Photo ou archives : F-M. Dumas
175 AMC Bol d'Or Â– 1954
It had been a long time since the kingfisher blue of the Alcyon ("kingfisher" in French) factory appeared on the race circuits, but the company was back on the track with some very special designs for the 1954 season.
These had thoroughly modern cycle parts, with an Earles front fork and a frame inspired by the McCandless brothers' "Featherbed" design, a double cradle layout with robust steering head mounting; swing arm rear suspension was fitted. The Hat-bottomed tank sat on the upper frame tubes, and had lateral swellings that acted as elbow-rests for the rider. The wheels had light-alloy rims and the front one was braked by a double drum.
Powered by a heavily revised AMC overhead-valve 175cc "Bol d'Or" engine with shortened crankshaft and flywheel magneto with external coils, one of these machines took part in the Cote Lapize hillclimb in 1954. Two weeks later, in the "Two Hours of Montlhery" (the eliminating trials for the Bol d'Or), two of the works Alcyons were fitted with twin-cam 175 AMC engines developed by the rider/tuners Camus and Mathieu. They didn't last long: The pistons melted. Two other Alcyons, powered by overhead-valve AMC engines, finished eleventh and seventeenth. It seems as if AMC was concerned with preparing its road-going 250cc engine, which in the 1954 Bol d'Or was fitted in the Alcyon of L. Rouger/Robin and the "Featherbed" machine ridden by J. Rouger/Santucci. Only the standard machine completed the race, seventeenth out of twenty-nine.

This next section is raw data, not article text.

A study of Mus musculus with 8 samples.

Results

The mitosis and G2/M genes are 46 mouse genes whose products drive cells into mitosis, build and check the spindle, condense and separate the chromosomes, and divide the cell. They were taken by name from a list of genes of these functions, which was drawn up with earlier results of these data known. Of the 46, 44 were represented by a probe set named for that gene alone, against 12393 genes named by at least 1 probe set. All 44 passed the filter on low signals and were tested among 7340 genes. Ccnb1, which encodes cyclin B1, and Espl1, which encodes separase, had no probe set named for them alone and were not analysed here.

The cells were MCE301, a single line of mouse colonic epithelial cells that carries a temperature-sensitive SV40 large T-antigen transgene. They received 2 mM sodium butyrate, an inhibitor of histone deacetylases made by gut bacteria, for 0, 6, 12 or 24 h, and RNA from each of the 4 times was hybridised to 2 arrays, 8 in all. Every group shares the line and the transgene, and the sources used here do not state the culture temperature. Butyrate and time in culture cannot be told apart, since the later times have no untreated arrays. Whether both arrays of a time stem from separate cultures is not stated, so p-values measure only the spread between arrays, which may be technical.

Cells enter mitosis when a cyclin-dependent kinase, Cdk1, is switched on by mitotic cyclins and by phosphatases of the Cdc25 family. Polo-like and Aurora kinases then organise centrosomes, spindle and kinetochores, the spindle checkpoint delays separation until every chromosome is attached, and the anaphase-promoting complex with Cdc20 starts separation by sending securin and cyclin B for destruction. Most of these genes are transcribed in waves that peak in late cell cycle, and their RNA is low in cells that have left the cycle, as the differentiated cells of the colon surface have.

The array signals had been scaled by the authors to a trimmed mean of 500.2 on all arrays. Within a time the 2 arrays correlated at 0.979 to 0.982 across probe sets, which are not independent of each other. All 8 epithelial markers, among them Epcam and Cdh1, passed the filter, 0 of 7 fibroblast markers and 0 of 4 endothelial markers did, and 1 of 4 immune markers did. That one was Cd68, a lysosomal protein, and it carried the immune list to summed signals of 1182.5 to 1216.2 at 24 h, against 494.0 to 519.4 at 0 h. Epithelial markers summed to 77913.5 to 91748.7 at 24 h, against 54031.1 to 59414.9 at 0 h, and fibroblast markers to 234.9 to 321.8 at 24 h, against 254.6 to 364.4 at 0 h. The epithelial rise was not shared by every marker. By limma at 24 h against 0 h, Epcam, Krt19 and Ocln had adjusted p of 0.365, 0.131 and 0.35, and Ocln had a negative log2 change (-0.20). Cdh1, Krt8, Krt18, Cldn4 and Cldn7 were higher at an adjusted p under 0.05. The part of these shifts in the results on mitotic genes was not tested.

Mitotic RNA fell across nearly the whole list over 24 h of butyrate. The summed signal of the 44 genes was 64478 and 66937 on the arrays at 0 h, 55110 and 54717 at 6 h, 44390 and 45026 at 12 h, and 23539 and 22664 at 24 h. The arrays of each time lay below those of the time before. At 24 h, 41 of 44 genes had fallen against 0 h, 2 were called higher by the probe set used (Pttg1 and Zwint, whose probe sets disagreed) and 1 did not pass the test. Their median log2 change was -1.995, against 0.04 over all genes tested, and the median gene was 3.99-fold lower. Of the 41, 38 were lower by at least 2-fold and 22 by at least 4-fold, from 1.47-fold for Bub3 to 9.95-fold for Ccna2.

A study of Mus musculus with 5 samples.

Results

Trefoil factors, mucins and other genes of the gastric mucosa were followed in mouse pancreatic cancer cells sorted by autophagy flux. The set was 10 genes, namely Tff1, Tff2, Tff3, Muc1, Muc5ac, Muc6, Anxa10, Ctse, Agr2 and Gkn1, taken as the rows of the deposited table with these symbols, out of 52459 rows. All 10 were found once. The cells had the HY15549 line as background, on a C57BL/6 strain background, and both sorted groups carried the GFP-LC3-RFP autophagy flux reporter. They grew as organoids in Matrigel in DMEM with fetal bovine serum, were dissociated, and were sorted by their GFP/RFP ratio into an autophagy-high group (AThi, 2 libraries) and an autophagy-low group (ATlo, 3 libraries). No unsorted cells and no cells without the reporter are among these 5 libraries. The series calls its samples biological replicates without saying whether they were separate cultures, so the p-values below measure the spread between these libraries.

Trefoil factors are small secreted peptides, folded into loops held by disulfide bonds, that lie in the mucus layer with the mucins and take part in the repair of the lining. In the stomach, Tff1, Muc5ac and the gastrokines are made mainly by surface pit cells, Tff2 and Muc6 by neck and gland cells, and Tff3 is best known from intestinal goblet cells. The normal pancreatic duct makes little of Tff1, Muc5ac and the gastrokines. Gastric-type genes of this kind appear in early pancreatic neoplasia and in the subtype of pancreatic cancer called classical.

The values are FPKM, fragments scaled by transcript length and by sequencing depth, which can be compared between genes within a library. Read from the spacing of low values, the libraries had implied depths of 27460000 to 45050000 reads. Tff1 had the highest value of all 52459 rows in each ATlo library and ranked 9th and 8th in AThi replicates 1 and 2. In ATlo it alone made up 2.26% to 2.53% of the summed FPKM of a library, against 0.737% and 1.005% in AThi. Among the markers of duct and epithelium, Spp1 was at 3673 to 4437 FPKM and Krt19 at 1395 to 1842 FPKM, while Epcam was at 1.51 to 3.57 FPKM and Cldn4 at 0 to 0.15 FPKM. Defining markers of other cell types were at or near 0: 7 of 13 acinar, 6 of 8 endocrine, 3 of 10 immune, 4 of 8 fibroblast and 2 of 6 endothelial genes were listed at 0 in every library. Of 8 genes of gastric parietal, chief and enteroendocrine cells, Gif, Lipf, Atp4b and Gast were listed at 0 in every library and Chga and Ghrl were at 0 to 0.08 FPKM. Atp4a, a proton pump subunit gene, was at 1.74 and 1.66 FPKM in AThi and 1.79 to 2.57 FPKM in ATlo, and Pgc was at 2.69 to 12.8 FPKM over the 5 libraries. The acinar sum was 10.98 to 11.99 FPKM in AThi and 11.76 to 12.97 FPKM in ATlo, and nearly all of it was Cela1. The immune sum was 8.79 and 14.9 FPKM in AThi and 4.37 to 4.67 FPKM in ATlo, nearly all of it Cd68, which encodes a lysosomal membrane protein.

Engine: 170cc (56x69mm) air-cooled single-cylinder four-stroke
Fuel System: 1 inch De!l'Orto carburettor
Transmission: 4-speed foot-shift, chain final drive
Suspension: Earles leading-links (front); swing arm (rear)
Brakes: twin drum (front); drum (rear)
Wheels: 2.50x19 inch wire (front & rear)
Maximum Speed: 78 mph
A tuned series-production engine, even in a well-conceived racing frame, does not necessarily make a successful competition bike - and the Alcyon Bol d'Or was far from successful.